Inland W. North America
"Western larch pollen is distributed by wind and is less abundant than that of other conifers.... Larch forests provide food and cover for a wide range of fauna. Rodents eat seeds and seedlings, birds forage for insects and nest in western larch, and squirrels often cut and cache cones. Deer, elk, and moose browse larch, though probably only as a last resort, and black bears forage on sugars that are concentrated in the sap layer in the spring." 
"Native Americans used western larch for treatment of cuts and bruises, tuberculosis, colds and coughs, sore throats, arthritis, skin sores, cancer, and for blood purification. They also made syrup from the sap, ate the cambium, and chewed solidified pitch as gum." 
"Western larch is one of the most important timber-producing species in the western United States and western Canada. It has the densest wood of the northwestern conifers and is also very durable and moderately decay-resistant. Its high heating value makes it one of the best fuel woods in the region. The wood is also used commercially for construction framing, railroad ties, pilings, mine timbers, interior and exterior finishing, and pulp, and burned snags are often used to make shakes. High sugar content of western larch makes it undesirable for concrete forms because the sugars react chemically with the concrete...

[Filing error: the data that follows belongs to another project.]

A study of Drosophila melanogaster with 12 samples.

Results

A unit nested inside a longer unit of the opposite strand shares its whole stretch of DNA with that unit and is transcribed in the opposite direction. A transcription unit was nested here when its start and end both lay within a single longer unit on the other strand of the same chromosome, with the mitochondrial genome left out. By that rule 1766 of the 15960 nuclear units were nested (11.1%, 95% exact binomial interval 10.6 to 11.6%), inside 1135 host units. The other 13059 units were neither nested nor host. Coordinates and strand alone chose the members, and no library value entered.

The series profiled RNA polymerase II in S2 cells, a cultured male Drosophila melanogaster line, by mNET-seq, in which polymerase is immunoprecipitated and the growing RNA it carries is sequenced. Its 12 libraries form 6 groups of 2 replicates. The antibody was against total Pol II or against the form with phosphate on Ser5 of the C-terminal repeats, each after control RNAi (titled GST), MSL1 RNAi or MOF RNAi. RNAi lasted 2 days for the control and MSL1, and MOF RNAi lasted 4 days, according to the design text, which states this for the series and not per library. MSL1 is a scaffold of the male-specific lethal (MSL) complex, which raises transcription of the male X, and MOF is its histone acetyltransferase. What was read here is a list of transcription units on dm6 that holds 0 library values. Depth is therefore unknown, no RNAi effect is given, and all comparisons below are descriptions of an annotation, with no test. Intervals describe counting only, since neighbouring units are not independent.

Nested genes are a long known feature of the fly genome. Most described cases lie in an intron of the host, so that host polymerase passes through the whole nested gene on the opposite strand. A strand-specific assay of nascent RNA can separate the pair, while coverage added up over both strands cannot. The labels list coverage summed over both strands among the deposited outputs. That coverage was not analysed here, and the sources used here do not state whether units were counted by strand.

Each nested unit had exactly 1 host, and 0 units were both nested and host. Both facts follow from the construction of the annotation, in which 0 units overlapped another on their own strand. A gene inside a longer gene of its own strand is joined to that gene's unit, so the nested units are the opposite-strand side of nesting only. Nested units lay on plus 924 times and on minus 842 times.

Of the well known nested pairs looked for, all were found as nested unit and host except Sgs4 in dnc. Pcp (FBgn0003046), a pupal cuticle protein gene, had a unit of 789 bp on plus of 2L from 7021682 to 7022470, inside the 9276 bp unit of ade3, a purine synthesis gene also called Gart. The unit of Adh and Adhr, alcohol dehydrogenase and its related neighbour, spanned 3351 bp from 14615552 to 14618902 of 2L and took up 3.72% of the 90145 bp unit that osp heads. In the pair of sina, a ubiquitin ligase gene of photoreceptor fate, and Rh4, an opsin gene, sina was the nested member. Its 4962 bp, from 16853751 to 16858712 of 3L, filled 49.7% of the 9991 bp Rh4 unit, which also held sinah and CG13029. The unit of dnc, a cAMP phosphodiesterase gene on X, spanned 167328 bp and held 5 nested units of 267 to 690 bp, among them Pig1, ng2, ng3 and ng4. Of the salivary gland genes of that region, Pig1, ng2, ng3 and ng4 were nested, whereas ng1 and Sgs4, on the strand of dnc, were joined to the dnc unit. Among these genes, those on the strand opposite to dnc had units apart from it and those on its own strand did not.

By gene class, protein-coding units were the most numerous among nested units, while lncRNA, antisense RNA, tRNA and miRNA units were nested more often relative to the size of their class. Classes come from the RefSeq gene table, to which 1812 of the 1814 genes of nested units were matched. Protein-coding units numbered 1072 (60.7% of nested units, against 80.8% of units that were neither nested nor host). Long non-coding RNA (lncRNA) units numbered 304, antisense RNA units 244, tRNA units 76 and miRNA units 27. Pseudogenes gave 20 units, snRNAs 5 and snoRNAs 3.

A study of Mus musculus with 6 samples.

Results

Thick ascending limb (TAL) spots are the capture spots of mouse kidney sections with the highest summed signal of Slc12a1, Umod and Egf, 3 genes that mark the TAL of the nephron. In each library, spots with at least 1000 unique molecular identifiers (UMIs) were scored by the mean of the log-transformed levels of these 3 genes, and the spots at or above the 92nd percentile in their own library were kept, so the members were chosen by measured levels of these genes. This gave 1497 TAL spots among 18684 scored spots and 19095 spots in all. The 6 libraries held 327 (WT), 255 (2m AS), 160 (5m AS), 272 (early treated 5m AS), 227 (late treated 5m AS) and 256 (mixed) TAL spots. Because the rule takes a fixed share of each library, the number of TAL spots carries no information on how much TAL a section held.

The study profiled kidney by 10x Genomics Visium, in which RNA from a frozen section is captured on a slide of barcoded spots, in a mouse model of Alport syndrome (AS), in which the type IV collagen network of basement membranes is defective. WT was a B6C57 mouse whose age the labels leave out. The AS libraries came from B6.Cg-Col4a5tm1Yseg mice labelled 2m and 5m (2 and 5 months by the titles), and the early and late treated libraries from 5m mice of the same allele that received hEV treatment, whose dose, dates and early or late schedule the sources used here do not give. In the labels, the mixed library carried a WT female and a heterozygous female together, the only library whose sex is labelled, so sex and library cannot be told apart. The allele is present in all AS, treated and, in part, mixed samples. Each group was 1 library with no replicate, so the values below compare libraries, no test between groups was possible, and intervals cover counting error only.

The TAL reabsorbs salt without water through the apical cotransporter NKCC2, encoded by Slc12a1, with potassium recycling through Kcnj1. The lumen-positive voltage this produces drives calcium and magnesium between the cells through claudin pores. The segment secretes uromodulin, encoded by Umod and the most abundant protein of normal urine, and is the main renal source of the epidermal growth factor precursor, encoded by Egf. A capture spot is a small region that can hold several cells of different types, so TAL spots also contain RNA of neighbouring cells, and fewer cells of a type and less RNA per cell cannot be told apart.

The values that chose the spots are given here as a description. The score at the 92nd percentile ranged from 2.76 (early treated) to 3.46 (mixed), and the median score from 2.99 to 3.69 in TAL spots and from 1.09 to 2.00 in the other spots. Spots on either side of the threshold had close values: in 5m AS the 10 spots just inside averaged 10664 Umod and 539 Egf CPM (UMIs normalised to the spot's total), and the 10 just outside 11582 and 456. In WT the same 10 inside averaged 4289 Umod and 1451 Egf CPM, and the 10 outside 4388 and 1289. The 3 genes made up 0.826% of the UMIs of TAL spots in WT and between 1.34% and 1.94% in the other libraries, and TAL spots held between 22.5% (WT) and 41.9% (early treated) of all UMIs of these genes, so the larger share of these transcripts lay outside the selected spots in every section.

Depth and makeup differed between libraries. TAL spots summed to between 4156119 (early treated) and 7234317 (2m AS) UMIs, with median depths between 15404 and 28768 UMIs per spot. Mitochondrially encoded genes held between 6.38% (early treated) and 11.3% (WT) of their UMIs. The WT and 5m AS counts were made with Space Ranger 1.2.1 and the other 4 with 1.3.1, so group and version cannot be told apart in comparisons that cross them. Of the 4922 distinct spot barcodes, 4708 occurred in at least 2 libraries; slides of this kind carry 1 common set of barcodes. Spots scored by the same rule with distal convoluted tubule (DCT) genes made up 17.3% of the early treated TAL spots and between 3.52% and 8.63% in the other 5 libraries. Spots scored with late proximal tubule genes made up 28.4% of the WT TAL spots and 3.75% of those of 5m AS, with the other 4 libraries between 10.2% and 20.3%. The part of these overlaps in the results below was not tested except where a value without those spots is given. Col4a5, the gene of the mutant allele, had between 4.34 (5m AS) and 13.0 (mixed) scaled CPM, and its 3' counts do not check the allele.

Arabinogalactan, the gum from the tree, is used for lithography and in food, pharmaceutical, paint, ink and other industries. The most desirable sources of this gum are waste butt logs. Oleoresin from western larch is used to produce turpentine and other products." 
 Scher, Janette S. 2002. Larix occidentalis. In: Fire Effects Information System,. U.S. Department of Agriculture, Forest Service, Rocky Mountain Research Station, Fire Sciences Laboratory (Producer). Available: https://www.fs.fed.us/database/feis/plants/tree/larlya/all.html.